Mother’s Day isn’t a sunny flower-filled day for a lot of women. You may be an empathetic soul and understand that certain women (those struggling with infertility and those who have lost a child) will have a hard time on Sunday. But did you know that there are others for whom Mother’s Day hurts?
It’s not hard to notice who finds it difficult, especially in church. Some women will be absent that day. Some women will go with pasted-on smiles. Some will sit in the back, with swollen eyes.
By contrast, notice the beaming moms with corsages. They have what most other women wish they had: a husband who encourages them and children who appreciate them, at least that one day out of the year.
Mother’s Day is difficult for women with regrets. They see their own failures as a mother. They wish their mother had been a better mom. They never knew a mother’s love. They grieve for their mother who died. Not only women, but men too, can share these regrets.
It’s difficult for women who never had a chance at motherhood. They are the single women, often longing to get married and become a mom, but refusing to settle. They agree that motherhood is a holy calling and appreciate the sacrifices moms make. They continue to wait for God’s choice, not sure why He’s withholding. What about them? Until they’re blessed with the wife and mother status, they’re often treated second-class in our churches.
Are women any less valuable because they haven’t given birth? Or because they haven’t been the sainted example held up in Mother’s Day sermons? Has anyone ever lived up to that perfect vision? (Have you?)
When I’ve posted about this subject in the past, I’ve received emails from women who pour out their raw pain to me. And I’ve heard from happy moms who don’t get it, and often don’t want to get it. I feel like I’ve stepped onto sacred ground. I’ve heard people say, “Well, they just need to get over it.” “They’re just bitter.” “Why should we change things to cater to a few?” Really? At the risk of ruffling feathers – something I’ve never backed down from doing — I’m going to continue to beat this drum.
And offer practical ideas to turn this day into something good. Or at least bearable.
If you want to minister to all women on Mother’s Day (bless you!), some tips are:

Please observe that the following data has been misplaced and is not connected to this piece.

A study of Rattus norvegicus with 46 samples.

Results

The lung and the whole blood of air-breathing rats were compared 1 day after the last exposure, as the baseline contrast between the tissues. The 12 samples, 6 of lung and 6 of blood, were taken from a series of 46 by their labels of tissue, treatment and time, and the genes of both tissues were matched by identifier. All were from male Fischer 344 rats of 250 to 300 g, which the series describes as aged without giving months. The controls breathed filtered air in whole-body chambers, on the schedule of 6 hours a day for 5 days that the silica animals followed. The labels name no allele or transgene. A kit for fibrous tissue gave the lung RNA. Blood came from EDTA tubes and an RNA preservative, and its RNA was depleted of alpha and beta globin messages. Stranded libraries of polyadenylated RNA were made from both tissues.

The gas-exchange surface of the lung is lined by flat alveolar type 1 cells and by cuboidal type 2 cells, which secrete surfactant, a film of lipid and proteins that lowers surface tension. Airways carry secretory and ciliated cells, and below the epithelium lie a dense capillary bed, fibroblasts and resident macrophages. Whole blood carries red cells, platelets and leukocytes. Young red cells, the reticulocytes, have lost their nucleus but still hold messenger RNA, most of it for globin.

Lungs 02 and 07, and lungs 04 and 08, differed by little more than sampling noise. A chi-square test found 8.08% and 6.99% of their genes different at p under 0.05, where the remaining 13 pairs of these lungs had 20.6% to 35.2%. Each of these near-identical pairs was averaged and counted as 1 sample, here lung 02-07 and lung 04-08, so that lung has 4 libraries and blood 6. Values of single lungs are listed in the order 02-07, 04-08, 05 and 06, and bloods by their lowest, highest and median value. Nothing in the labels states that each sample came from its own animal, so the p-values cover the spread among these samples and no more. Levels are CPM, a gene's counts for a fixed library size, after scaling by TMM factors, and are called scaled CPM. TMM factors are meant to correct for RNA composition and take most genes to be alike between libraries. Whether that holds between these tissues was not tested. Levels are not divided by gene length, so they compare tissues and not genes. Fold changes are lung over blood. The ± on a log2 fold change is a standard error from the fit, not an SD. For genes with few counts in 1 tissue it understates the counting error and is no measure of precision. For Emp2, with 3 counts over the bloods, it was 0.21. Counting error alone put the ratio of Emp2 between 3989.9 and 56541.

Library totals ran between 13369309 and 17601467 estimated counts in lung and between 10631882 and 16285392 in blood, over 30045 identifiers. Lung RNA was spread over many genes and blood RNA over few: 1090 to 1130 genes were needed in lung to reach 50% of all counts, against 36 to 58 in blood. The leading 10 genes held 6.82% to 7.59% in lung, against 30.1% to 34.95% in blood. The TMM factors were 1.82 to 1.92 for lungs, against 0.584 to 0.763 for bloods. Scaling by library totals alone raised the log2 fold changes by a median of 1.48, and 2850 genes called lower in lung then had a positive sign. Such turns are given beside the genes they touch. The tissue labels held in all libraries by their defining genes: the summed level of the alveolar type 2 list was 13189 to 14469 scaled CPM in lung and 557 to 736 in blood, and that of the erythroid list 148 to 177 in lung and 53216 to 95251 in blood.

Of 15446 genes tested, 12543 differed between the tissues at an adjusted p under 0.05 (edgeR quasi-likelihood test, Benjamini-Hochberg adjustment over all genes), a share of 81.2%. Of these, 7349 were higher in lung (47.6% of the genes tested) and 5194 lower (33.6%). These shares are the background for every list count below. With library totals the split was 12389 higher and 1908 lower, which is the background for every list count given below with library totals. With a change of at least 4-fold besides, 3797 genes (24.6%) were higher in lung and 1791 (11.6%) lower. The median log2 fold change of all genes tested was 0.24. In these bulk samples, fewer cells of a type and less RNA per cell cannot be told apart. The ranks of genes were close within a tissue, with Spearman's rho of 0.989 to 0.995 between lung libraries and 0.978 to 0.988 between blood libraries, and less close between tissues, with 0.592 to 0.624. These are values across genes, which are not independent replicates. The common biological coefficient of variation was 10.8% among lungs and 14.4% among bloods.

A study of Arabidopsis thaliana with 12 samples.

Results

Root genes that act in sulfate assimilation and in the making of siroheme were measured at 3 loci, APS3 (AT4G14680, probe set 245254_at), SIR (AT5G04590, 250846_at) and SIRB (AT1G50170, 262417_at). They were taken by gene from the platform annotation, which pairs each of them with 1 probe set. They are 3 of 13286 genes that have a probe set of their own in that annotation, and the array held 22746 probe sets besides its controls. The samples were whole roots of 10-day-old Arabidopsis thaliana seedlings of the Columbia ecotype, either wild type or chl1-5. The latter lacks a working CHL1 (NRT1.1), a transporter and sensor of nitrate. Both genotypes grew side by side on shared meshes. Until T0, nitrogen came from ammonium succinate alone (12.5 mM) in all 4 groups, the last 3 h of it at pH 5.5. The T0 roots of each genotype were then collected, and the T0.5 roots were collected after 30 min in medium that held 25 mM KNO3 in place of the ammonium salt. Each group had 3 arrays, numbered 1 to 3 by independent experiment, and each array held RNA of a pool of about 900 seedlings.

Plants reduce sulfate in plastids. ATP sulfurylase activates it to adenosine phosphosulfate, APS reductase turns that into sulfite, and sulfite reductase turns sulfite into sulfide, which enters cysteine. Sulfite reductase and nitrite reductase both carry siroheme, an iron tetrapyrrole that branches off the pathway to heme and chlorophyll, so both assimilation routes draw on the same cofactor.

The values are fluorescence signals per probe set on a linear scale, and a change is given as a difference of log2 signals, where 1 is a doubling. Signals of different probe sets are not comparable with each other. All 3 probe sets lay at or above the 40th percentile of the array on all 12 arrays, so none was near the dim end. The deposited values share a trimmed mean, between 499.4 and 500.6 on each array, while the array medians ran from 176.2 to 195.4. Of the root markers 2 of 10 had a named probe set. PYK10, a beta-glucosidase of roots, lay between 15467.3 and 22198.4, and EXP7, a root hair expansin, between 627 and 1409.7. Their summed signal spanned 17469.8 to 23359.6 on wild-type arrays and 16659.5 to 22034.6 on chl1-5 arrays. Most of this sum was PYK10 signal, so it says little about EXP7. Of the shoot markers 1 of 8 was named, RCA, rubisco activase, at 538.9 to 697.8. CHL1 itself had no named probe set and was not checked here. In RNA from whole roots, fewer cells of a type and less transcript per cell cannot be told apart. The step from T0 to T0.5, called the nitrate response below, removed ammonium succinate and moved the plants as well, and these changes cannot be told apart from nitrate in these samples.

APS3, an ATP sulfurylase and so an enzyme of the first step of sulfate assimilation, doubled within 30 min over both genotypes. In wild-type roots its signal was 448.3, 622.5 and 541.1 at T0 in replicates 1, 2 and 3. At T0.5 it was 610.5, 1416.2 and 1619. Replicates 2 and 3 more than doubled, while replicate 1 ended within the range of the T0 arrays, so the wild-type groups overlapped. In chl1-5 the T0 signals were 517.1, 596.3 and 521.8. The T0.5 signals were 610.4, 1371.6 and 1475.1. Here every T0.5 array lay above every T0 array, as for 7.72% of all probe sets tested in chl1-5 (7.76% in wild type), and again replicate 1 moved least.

- Don’t say “Happy Mother’s Day” to a woman unless you know she’s a mother and you know it’s happy. (I never know how to respond when I get those greetings.)
- Be inclusive. If you give out flowers, give them to all women. And just say “Thanks.” Nothing more needs to be said.
- Don’t ask mothers to stand. Older single women feel like outcasts. Young teenage moms feel judged.
- Appreciate the myriad ways any woman can mother, love, and nurture a child or disciple a young woman.
- Do something to serve single moms. Have people in church sign up to offer their skills: babysitting, handyman help, cooking, or car repair. Better yet, ask her what she needs.
- Invite single women over for lunch. See if you can go the whole meal without using the word “mother.”
- Buck the commercialization and celebrate International Women’s Day instead – a day for all women regardless of reproductive status–on March 8 each year.
If you personally struggle on Mother’s Day, you can be pro-active:
- Be kind to yourself that day. Don’t go to church if it’s hard. I’m taking my Mom to the Biltmore House (think Downton Abbey costumes and tulips). We have to be there early to take advantage of a free ticket, so I have to skip church (oh, rats!).
- Get away to a beautiful spot in nature, or at least a cozy corner, for some extended time alone with the Lord.
- Pour out your heart to Him — the pain, the anger, the questions. He knows it all anyway.
- Invite God to enter into your heart ache. Allow Him to comfort you as only He can. People may not get it, but He gets it. And He cares.
- When I feel lonely, the best antidote is to reach out to others. Write a note, or call, the women who have modeled to you how to be a woman of God. Thank them for their loving, vital role.
- If you do go to church, look for other women who are struggling. Hug them. Words are not necessary.